From the turtles of Ras al Jinz to the dolphins off Musandam, the warm waters of the Gulf of Oman provide wildlife pleasures that are both fascinating and easy

Tyler Roney

January 4, 2018


The resorts are fit for royalty and the deserts are filled with every kind of luxury, but it’s the expansive wildlife that takes most visitors by surprise. Indeed, the seas of Oman are some of the richest in the Middle East, and with an eye to conservation as much as travel, the shores and waters of Oman are teaming with life. For the casual wildlife enthusiast, these simple Omani wildlife pleasures are easy and exciting.

Turtles at Ras al Jinz

ABOVE: At turtle in the morning at Ras al Jinz.

Among the sea turtle sanctuaries of the world, Ras al Jinz is unique. Surrounded by desert and mountain greens, this area is the nesting place of the endangered green turtle – a place where a select few can watch these gigantic sea creatures lay, nest, and escape to the safety of the sea, best experienced at night or in the early morning.

ABOVE: Video from Oman Travel Guide.

Few visitors are permitted in this pristine sanctuary, so it is extremely important for travelers to book ahead, the best season being from May to September. Viewings are often best done at night or in the early morning.


ABOVE: Tents, rooms, and museum at Ras al Jinz.

In addition to the pristine beach of baby turtles and fascinating surroundings, the sanctuary boasts a museum and surprisingly lush accommodations. While there, guests will no doubt want to make use of the “Luxury Eco-Tents.”

ABOVE: Green turtle travels back into the ocean after laying eggs at Ras al Jinz.

For those traveling with the family, the “Carapace Rooms” may be more suitable. The accommodations here are a practice in respobsible tourism, allowing guests to visit with the turtles and have a minimal impact.  The 120-square kilometer protected area and 45-kilometer coastline of Ras al Jinz is also home to 6,000-year-old archaeological sites.

Dolphin Watching

ABOVE: Dolphins in the Gulf of Oman.

The development of Muscat can, at times, seem very lifeless indeed in the dry season. But, at sea there is no shortage of life. One of the simplest wildlife experiences to have after landing in the travel haven of Muscat is to get on a boat and look for the sea’s friendliest inhabitants: dolphins.

ABOVE: A dolphin surfs in a boat’s wake, with the dry Omani mountains reflected in the water.

The warm seas of the Gulf of Oman have bred an abundance of life year round, and dolphins from around the world come to feed there. Muscat and Musandam are most famous for their dolphin watching, with pods of several dozen appearing at once. However, so rich are the seas around Oman that dolphin watching can be seen everywhere from Dhofar to Khasab. In Khasab, for example, there are tours where one might take a dhow – or a reasonable facsimile thereof – on their dolphin watching journey.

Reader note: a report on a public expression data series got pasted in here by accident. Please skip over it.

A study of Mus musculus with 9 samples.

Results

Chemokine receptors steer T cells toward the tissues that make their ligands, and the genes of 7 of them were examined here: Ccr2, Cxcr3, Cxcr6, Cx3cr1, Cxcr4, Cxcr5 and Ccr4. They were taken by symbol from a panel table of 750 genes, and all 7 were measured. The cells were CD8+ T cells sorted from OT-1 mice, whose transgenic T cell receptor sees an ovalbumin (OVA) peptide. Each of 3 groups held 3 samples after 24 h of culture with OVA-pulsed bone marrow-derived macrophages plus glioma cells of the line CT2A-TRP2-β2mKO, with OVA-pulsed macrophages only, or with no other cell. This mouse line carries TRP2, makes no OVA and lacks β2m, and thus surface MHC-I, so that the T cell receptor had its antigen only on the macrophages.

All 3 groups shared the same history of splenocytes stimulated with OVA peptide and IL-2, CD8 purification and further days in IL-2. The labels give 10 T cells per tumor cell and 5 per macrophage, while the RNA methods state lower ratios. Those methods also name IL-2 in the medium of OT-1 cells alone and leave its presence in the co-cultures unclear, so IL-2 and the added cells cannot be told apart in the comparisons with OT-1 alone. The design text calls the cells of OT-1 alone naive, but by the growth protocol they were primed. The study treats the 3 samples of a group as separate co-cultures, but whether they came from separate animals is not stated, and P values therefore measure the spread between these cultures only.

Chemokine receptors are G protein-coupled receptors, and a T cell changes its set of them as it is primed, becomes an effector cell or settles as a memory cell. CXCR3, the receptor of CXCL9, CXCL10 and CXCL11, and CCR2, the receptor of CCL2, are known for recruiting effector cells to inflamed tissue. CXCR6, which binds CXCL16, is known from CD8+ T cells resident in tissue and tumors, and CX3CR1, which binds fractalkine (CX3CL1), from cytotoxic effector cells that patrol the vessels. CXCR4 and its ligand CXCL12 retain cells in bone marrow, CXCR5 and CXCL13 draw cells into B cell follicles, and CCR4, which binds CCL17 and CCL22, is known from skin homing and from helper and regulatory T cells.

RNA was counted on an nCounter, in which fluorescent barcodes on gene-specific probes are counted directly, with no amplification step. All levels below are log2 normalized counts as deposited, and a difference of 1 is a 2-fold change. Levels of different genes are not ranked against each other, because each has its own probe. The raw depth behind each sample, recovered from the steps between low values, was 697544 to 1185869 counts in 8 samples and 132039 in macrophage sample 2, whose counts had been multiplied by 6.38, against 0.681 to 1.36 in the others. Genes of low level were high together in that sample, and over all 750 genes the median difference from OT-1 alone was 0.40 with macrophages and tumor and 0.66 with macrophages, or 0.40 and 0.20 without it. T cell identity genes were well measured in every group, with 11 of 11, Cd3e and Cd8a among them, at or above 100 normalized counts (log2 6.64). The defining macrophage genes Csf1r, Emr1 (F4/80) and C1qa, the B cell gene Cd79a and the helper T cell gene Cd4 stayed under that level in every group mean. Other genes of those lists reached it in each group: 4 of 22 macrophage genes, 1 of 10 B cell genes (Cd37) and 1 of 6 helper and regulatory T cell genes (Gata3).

It is also important to note that, depending on the season, some of these whale watching tours double as whale watching tours.

The dolphins aren’t the only ones that travel to these waters for their rich sea life; killer whales, humpbacks, and even sperm whales make their way into the Gulf of Oman, and lucky spotters will catch them at play. The humpback whales patrolling the Omani sea – known for their playfulness – are genetically distinct from other humpbacks.

Snorkeling the Daymaniyat Islands

ABOVE: Drone video of the Daymaniyat Islands. (Royal Lens Studio)

The diving in Oman isn’t exactly a secret, but there are few other areas so filled with conveniently accessible life than the Daymaniyat Islands. Ignoring the perfect white-sand beaches, the warm waters here play host to turtles, groupers, live coral, and even whale sharks.

ABOVE: Healthy soft coral off the Daymaniyat Islands.

Most importantly, the shallow waters on the Daymaniyat Islands mean that you don’t need to be a diver to see some of the region’s most impressive underwater wildlife. Snorkelers will find coral to rival much of what can be found in Southeast Asia (though less of it, obviously), and the basking whale sharks are a rare but fascinating treat.

Found just 18 kilometers off the Barka coast and less than an hour from Muscat, the Al-Dimaniyat Islands Nature Reserve is composed of nine idyllic islands, surrounded by nesting sea turtles and migratory birds. Overall, there are more than 22 diving and snorkeling sites. Camping on the islands is permitted between October and February.